By Petronella Sibeene
Namibia has started receiving the first 40 megawatts from Hwange Power Station as part of a multi-million-dollar, 150 megawatts deal signed last year between NamPower and Zimbabwe Electricity Supply Authority (Zesa).
NamPower spokesperson, John Kaimu, yesterday told New Era that the power started flowing from Zimbabwe on January 3.
Last year, NamPower signed a US$40 million (N$290 million) Power Purchase Agreement with Zesa. The money was to be used for the resuscitation of four units at Hwange Power Station.
Under the agreement Namibia would receive 150 megawatts from the coal-fired Hwange Power Station.
It was agreed at the time of signing that the first 40 megawatts would be received by early this year.
Managing Director of NamPower, Paulinus Shilamba, described the flow of electricity from Zimbabwe as a great relief.
He said Namibia relies on South Africa for power imports. However, of late Eskom, South Africa’s power utility, has been struggling to meet both domestic and regional demand.
Shilamba said the 40 megawatts would cushion Namibia when Eskom fails to supply the required amount of power.
Next week Friday Eskom will be involved in some upgrading work and it is inevitable that Namibia will experience disruptions, Shilamba said.
He was, however, quick to point out that the country is ready to manage such eventualities.
Kaimu added that the power from Zimbabwe would reduce Namibia’s dependency on Eskom.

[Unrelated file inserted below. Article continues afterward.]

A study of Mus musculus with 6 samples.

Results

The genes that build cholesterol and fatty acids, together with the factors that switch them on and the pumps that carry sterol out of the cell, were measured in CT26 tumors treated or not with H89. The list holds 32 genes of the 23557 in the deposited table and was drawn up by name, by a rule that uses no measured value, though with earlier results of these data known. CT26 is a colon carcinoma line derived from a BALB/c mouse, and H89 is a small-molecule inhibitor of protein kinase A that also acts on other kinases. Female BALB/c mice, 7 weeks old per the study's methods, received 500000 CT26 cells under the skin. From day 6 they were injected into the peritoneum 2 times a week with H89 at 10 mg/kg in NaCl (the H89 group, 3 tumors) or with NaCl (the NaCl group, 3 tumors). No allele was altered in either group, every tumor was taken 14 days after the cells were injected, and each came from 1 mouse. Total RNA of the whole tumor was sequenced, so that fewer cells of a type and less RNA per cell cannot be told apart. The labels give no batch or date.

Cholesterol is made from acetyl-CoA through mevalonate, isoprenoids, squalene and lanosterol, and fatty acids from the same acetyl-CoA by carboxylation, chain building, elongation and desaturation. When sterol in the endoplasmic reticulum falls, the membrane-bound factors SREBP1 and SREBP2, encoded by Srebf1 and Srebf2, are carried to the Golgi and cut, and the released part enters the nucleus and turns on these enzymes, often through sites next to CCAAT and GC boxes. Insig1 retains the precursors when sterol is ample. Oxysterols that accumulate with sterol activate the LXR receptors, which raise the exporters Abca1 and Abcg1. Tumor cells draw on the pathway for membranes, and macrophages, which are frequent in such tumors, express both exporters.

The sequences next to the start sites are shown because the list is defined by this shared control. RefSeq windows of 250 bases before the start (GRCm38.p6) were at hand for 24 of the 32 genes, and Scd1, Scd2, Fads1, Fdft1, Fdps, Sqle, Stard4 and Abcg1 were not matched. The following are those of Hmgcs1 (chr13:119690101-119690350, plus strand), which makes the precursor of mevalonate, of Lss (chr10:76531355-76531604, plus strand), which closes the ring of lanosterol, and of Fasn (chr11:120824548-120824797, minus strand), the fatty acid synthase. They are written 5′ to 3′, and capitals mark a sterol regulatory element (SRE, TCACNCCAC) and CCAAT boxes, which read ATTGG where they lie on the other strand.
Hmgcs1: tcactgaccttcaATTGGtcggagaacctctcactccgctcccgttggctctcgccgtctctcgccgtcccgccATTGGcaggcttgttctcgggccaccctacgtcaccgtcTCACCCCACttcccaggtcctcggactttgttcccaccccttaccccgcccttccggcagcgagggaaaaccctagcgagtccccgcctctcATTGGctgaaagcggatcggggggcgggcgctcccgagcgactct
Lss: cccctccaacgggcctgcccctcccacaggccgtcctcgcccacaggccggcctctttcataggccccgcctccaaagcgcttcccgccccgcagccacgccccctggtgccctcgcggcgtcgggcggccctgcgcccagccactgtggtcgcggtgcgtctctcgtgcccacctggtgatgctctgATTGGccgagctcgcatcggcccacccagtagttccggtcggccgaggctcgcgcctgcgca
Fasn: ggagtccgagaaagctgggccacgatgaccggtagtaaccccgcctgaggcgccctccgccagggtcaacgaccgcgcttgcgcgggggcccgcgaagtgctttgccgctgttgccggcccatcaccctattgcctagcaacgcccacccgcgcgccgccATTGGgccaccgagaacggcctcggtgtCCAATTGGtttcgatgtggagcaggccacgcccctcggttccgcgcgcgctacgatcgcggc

“It (40 MW) will make a difference in terms of the imports from South Africa. We will cut 40 megawatts from Eskom,” said Kaimu.
So far, NamPower has transferred more than half of the US$40 million to Zimbabwe.
NamPower is responsible for funding equipment procurement and labour costs, while Zesa caters for local costs.
Apart from the US$40 million to be transferred to Zimbabwe for revamping the power station, NamPower in December announced it would have to fork out an additional US$10 million for the same project.
Additional funding was found necessary after an inspection of the four units to be revamped at the aging power station.
NamPower said the additional amount would be sourced from NamPower’s internal sources.
Yesterday Kaimu said the US$10 million has not yet been released as the two parties (NamPower and Zesa) were still negotiating additional power allocation.
“NamPower is still to sign an agreement with Zimbabwe, we are still negotiating on maybe an extra 30 to 35 megawatts,” Kaimu said.
NamPower said substantial progress has been made on the rehabilitation of the first unit at the power station.
“Structures have been put in place and most of the spare parts have already arrived on the site. The bulk of the turbine spare parts were received at Hwange in October,” NamPower said.
Electricity from the Hwange Power Station is being routed to Namibia through South Africa until NamPower’s Caprivi Link Interconnector is operational.
Meanwhile, NamPower together with Botswana, Zambia and Zimbabwe are to embark on a project that will ensure that Hwange Power Station is linked to Victoria Falls via Botswana and Namibia.
According to Kaimu, the project known as Zizabona will complete the link and create a corridor for power import and export to the four countries.
“Zizabona will create the alternative route for power import from neighbouring countries,” said Kaimu.
Last month the four countries were scheduled to meet in Victoria Falls to discuss the project.
Only NamPower and Zambia have signed the Memorandum of Understanding (MoU).
Zimbabwe and Botswana did not attend the meeting due to other pressing issues but the MoU documents were circulated for them to sign, NamPower said.
Zizabona is expected to run concurrently with the rehabilitation of Hwange Power Station.
Kaimu said the project is vital because of the power situation in the region.